Hotel hands over file on Maria Bailey swing case to FG reviewer

Group co-operating with review into TD’s now-abandoned personal injury claim

Maria Bailey: claim on radio last week that she was only seeking €7,000 from the hotel to cover her medical expenses. Photograph: Dara Mac Dónaill

Maria Bailey: claim on radio last week that she was only seeking €7,000 from the hotel to cover her medical expenses. Photograph: Dara Mac Dónaill

 

The hotel sued by Fine Gael TD Maria Bailey is handing over its file on her legal claim over a swing fall to the lawyer reviewing the case for the party. Ms Bailey has since withdrawn the claim.

David Kennedy SC, who was appointed by Fine Gael to “establish all the facts” around Ms Bailey’s action, will have access to the case papers from the Dean Hotel in Dublin as he reviews the events around the case.

The hotel gathered CCTV footage for its file – a basic technical support used by businesses to assess the veracity of personal injury claims taken by members of the public – that could assist Mr Kennedy for the Fine Gael review.

“We are co-operating with an official government review and we believe that this is the correct way for us to provide any further information,” said a spokeswoman for Press Up Entertainment Group, owner of the Dean.

The CCTV footage was a reason why the company contested the action and denied liability in Ms Bailey’s case.

The Fine Gael TD took the legal action after she claimed she fell from a swing in the hotel’s bar, Sophie’s, in July 2015. The hotel and hospitality group has disputed aspects of her claim.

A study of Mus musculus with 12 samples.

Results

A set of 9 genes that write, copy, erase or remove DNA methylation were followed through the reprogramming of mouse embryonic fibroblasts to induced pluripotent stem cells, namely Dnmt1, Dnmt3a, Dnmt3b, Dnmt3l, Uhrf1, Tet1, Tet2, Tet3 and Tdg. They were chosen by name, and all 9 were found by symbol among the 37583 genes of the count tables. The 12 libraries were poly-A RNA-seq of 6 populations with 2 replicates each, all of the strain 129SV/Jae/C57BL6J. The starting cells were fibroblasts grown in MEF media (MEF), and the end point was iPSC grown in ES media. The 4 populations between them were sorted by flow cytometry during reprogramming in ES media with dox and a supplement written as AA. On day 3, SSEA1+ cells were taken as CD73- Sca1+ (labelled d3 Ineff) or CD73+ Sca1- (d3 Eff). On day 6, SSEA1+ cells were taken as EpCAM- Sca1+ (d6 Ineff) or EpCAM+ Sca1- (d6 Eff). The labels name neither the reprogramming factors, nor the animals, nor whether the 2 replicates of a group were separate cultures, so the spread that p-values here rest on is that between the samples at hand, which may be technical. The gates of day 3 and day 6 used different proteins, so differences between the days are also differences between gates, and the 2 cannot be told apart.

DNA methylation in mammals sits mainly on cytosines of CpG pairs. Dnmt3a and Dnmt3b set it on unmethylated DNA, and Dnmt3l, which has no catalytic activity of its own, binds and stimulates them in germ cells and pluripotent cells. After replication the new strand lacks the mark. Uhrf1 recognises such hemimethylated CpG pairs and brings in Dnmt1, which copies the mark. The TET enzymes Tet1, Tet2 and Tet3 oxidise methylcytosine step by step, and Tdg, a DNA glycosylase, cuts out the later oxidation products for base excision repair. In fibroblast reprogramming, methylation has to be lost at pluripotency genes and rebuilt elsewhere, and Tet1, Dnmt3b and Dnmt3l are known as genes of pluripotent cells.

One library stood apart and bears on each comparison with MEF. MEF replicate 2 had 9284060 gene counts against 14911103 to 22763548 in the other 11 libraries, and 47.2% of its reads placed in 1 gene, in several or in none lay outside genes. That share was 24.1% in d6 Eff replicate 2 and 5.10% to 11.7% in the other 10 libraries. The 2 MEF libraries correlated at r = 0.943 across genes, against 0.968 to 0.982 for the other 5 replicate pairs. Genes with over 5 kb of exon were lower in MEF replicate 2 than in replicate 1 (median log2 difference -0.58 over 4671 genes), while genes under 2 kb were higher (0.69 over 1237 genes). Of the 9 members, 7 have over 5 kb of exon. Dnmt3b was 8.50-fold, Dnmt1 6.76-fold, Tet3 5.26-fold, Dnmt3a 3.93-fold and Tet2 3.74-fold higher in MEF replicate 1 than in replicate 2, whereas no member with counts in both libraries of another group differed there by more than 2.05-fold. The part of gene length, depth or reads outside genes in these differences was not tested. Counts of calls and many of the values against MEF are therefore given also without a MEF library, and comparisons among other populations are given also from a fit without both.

The hotel said the politician had her hands full when she fell.

The 43-year-old Dún Laoghaire TD told RTÉ’s Today with Seán O’Rourke radio programme last week that she had a bottle of beer in her hand while she was on the swing and was reaching for a friend’s bottle of wine.

Medical expenses

The review is expected to assess Ms Bailey’s claim on radio last week that she was only seeking €7,000 from the hotel to cover her medical expenses incurred from the treatment of her alleged injuries as a result of the swing fall.

Ms Bailey brought her personal injury claim in the Circuit Court, which has the authority to make awards of up to €60,000, rather than the District Court, where awards are capped at €15,000.

The case papers may reveal further details on the involvement of Madigans Solicitors, the Dublin law firm that represented Ms Bailey in her case and where her Fine Gael colleague, Minister for Culture Josepha Madigan, worked.

A spokesman for Ms Madigan said last night that she worked in the firm until June 2017 but declined to say whether she was involved in Ms Bailey’s legal action.

Ms Madigan, who was a colleague of Ms Bailey’s on Dún Laoghaire-Rathdown County Council in July 2015, would not be commenting further until Mr Kennedy’s review was complete, the spokesman said.

Taoiseach Leo Varadkar has admitted the legal action caused “reputational damage” to Fine Gael, while Minister for Health Simon Harris said the case had done damage to the party in the run-up to last month’s elections.